MONDAY 24 OCTOBER 2011 MOPANE
Because of yesterday’s heat we plan to be up very early, go out for a few hours, then return in the heat of the day. But it is only 20 when we leave and the day is so much more pleasant because of it. We leave at quarter to six and our first birds of the day are Little Swifts then a lovely lilac breasted roller posing beautifully as he so often obligingly does. The elegant long-necked giraffe are up early and of course so are the impala.
Every so often we stop to enjoy bird activity and the little finch-type birds are very active this morning.
We pull into one of the afrits and find a car parked with its occupants staring up into the trees. We pass by and park back to back. I look back and spot a yellow ribbon on the driver’s mirror – I catch the attention of the lady in the back seat and call to her – Hi I’m Puppy – what’s your forum name. “I Love Meerkats” Lovely to meet you and hope the rest of you trip went well.
The bird that we hear calling is a striped pipit. Lucky I Love Meerkats for seeing the orange breasted bush-shrike. We don’t find it at all.
Soon after this we find a hyena – pregnant I suspect – walking along the tar road. We follow slowly behind and she turns to look at us then goes off-road into the yellow grass. We keep her in sight and soon she emerges and eventually crosses the road so we manage to get some photographs. Then she investigates a ditch – decides it is not to her liking and moves back onto the road and continues her hike.
We leave her to her duties and turn down the S142.
We are delighted to see a red-crested korhaan call in flight and then curl up into a ball and drop to the ground. He scurries off into the yellow straw-grass and makes photography a bit difficult. While I am trying to capture him on the left, EEC draws our attention to two double banded sandgrouse on the left and these we manage to digitalise before they step off in the opposite direction.
Later we almost see a Roan Antelope – well we see a back view and nothing in photoshop helps me to get him to turn around!
At Fraser’s rest we find a wide open plane and in the distance a waterhole. We are fascinated to find eland which I’ve never seen in Kruger before. They are skittish and the whole herd come down a slope and head for the waterhole. There are giraffe, zebra and impala too and all these creatures together create a lovely African scene.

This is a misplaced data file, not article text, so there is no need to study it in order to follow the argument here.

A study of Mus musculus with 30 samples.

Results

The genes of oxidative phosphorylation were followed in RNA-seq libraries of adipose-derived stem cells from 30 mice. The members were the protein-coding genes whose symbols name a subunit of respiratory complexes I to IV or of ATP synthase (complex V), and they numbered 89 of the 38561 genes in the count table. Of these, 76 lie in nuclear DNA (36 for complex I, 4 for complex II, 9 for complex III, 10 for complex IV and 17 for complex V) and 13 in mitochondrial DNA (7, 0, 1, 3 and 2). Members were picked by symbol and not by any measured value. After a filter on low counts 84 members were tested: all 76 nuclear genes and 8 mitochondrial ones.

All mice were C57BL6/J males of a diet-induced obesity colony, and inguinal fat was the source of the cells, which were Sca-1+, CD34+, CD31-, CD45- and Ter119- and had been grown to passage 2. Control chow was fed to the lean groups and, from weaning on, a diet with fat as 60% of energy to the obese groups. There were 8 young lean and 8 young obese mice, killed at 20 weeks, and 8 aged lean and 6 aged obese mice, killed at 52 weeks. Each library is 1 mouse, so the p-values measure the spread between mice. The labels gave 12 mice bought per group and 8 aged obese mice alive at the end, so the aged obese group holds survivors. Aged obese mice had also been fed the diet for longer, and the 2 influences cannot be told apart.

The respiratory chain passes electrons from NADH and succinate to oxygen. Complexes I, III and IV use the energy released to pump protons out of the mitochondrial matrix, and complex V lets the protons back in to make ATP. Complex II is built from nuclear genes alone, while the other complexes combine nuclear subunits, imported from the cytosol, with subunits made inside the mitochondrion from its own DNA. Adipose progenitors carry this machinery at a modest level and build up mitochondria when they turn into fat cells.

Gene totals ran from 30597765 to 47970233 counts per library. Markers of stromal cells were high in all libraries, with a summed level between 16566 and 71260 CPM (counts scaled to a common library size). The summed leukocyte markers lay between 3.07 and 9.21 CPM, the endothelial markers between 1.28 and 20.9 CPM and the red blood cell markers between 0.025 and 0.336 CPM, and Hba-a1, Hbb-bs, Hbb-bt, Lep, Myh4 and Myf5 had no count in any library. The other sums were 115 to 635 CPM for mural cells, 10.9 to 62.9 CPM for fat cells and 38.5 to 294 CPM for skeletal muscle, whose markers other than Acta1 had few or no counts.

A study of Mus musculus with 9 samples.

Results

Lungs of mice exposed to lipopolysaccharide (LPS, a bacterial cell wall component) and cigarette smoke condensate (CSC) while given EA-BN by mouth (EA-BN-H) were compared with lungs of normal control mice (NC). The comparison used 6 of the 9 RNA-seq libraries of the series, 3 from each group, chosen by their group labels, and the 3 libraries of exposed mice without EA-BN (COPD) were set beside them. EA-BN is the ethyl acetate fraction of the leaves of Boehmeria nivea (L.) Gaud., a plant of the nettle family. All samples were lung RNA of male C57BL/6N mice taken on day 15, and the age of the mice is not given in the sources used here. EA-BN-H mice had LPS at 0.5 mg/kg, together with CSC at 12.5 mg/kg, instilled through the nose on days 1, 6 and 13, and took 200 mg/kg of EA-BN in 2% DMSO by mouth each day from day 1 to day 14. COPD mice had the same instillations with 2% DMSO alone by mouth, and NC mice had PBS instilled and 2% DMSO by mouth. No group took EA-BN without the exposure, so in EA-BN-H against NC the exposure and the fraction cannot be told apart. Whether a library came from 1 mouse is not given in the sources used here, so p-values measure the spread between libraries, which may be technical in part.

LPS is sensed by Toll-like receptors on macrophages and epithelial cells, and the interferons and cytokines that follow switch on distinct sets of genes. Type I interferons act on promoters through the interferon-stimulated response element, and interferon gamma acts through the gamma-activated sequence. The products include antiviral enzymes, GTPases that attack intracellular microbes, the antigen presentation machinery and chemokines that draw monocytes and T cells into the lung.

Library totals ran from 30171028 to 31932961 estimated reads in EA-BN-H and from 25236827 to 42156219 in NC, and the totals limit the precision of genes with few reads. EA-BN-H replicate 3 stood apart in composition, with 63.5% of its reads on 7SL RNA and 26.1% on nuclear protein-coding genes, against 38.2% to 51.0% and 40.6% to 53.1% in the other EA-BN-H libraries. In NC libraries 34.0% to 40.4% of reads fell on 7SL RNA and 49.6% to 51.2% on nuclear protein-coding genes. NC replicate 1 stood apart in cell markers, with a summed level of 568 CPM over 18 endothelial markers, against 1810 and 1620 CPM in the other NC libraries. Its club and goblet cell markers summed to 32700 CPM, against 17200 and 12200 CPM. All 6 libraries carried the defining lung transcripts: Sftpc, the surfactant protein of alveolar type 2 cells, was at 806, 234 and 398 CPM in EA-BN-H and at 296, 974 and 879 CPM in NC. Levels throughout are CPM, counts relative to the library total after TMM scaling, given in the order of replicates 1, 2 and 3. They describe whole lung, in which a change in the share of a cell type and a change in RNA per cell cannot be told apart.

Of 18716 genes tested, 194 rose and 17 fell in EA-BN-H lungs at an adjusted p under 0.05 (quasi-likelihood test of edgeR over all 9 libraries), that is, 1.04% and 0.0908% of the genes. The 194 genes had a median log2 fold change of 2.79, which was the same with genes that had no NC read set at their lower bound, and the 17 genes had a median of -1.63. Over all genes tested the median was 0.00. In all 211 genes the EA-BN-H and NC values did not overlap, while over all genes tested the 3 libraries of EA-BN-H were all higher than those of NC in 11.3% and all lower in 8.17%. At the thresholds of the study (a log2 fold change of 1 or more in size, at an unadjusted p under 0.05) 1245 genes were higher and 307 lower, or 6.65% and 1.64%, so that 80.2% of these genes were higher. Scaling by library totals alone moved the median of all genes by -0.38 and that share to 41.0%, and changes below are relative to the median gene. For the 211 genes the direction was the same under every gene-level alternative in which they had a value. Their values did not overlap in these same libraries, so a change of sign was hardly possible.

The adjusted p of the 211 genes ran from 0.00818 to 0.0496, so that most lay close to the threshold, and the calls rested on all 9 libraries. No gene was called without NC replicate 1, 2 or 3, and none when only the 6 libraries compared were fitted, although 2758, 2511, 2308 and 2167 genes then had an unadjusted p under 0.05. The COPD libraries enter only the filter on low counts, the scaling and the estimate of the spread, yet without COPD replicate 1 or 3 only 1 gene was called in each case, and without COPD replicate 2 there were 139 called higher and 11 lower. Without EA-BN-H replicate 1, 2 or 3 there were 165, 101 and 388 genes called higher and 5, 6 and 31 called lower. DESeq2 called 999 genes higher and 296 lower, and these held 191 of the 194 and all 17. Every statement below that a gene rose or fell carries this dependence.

After visiting the hides at Pioneer’s Dam and the sleepover dam where very little activity is taking place we returnto Mopane. Earlybird stops at reception to update and check the sightings map – and returns with a look that says iit all. “What did we miss?” I ask. “Lion and rhino,” comes the reply. “But it’s only 7km to the water hole – shall we try or not?” It is only 11 o’clock and we figure that now is the time to go as they will probably disappear by the time we try in the late afternoon. So off we go – and I’m so glad because on the way we get tsebe and a kori bustard.
At the waterhole we find one other car – what a pleasure. There are no rhino but a single lion is dealing with a buffalo carcass and the vultures are lined up and waiting. It is quite a distance from the lookout point but with our binoculars we have a spectacular view all to ourselves because the first car leaves soon after our arrival having seen the three other lions before they left.
So that concluded a special morning. On the way back all the things we’d seen were gone.
We go out again in the late afternoon and enjoy some good birding.
The sparrowlarks comourflage well but we manage to get a photo or two.
A Kittlitz plover blends in too.
Near our cottage we find a paradise flycatcher
The sunsets in Kruger are wonderful and we sit contentedly with drink in hand and just chill.